The Fannie Mae quagmireNovember 22, 2011: 11:31 AM ET
Lower interest rates are supposed to spur the economy and give homeowners a break, but instead they're causing more losses at the government's troubled mortgage giants.
FORTUNE -- Amid the troubled U.S. housing market, it has become clear that the federal government can either save homeowners or prop up its biggest mortgage finance companies.
But doing both seems virtually impossible.
Earlier this month, Fannie Mae (FNMA) asked for $7.8 billion in aid to cover its losses during the latest quarter. It didn't make big news -- the mortgage giant and its cousin Freddie Mac (FMCC) have made so many such requests, most taxpayers have grown numb to it. Freddie asked for $6 billion -- it's largest quarterly request since April 2010.
The government took over the mortgage giants in 2008 to shoulder soured loans following the collapse of the housing market. Since then, taxpayers have spent about $169 billion to rescue the two companies – the costliest bailout of the financial crisis. The government estimates it could cost up to $220 billion to keep both companies afloat through 2014 after dividend payments.
Freddie and Fannie, which own or guarantee about half of all mortgages in the U.S., continue to suffer from bad lending practices during the housing bubble. And a deteriorating housing market has made it difficult for Freddie and Fannie to turn a profit. What's more, at least according to some experts, the companies could see bigger losses from a newly expanded government program that helps homeowners lower their mortgage payments through refinancing.
Fannie's latest net loss of $5.1 billion for the three months ending September 30 was not only due to defaults on loans it guaranteed, but also to homeowners paying less interest after refinancing at historically low mortgage rates. Given weak home prices and high unemployment, it's not terribly surprising to find borrowers defaulting. Less expected, and arguably ironic, are Fannie's losses from lower interest rates.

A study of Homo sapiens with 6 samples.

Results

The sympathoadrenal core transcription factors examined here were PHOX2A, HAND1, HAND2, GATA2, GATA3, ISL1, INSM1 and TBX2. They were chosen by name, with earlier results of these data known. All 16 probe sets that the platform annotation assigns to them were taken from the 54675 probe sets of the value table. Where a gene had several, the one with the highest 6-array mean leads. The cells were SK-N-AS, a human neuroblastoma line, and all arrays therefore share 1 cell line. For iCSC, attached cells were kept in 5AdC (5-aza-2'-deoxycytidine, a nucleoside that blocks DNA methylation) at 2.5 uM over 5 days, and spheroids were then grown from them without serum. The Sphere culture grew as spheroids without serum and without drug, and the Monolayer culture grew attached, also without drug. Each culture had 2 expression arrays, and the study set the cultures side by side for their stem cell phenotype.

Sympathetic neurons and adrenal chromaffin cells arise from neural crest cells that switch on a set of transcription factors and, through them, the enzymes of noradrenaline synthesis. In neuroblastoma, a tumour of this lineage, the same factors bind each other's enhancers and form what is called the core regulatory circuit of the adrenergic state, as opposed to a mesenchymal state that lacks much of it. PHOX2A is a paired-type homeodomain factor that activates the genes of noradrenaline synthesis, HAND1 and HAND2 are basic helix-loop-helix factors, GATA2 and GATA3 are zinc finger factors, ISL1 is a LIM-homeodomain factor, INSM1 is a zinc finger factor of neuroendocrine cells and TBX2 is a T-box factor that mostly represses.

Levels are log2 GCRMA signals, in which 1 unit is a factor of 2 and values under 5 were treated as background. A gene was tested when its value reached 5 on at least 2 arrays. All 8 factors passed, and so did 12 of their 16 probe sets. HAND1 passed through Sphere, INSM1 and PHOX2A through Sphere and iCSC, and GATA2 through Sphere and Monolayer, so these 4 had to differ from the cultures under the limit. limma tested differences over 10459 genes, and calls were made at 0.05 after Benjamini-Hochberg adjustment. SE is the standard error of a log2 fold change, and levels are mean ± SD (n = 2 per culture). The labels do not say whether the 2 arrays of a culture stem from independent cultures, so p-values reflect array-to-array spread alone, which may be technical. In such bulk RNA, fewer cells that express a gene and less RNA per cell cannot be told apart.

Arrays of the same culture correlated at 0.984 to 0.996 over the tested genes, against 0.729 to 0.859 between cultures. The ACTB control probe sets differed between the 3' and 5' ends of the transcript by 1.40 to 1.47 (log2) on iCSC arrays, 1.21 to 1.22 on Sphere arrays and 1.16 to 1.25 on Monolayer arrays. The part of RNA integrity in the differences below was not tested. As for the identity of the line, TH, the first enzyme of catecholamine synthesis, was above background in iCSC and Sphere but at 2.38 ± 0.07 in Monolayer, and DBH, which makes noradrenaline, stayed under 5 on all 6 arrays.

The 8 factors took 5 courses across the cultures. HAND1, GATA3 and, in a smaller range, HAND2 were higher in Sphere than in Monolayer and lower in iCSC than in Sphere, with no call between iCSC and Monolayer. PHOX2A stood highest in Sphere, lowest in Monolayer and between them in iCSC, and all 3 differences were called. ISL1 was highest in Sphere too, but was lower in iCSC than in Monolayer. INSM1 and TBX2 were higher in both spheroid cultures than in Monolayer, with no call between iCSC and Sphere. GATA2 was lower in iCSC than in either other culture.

After all, the very purpose of the government's continued efforts to keep interest rates low is to give the tepid economy a boost. The Federal Housing Finance Agency last month announced it would expand its mortgage refinancing program so that many more borrowers could take advantage of today's record low mortgage rates, which averaged 4.07% in October for 30-year fixed-rate home loans. The FHFA's program started in 2009 and is meant to help those borrowers typically unable to qualify for traditional loans because their homes have lost so much value. Under the program, Freddie and Fannie have financed new loans for nearly one million borrowers. And with the program's expansion, officials hope another one million could gain.
To the individual homeowner, this might sound like a win. Officials have estimated that refinancing could save the average borrower about $2,500 a year. But such savings would effectively translate to a loss for Freddie and Fannie, and by extension, taxpayers. If the program works out the way FHFA officials hope with one million more borrowers able to refinance, this could create an additional $2.5 billion in losses for Freddie and Fannie, says Radhakrishnan Gopalan, finance professor at Washington University in St. Louis.
"The only mitigating factor would be if the refinancing actually avoids some default," Gopalan says. "But given that the new program is targeting borrowers who are current on their mortgages, I think the gain on that front to Fannie and Freddie will be marginal at best."
In a way, the FHFA's program's intention is more to help jumpstart the broader economy than stem foreclosures. It's true that allowing borrowers to refinance would lower their monthly mortgage payments and thereby arm households with extra cash to spend elsewhere. But many economists say the program is still only a piecemeal solution and too small to spur much more spending. Given the uncertain economy, they're more likely to save than spend their money. And while the government aims to provide refinancing to one million more borrowers, that's still a relatively small share of the 10 million households with mortgages worth more than the value of their homes.
So it's hard not to wonder what the government is really trying to save here.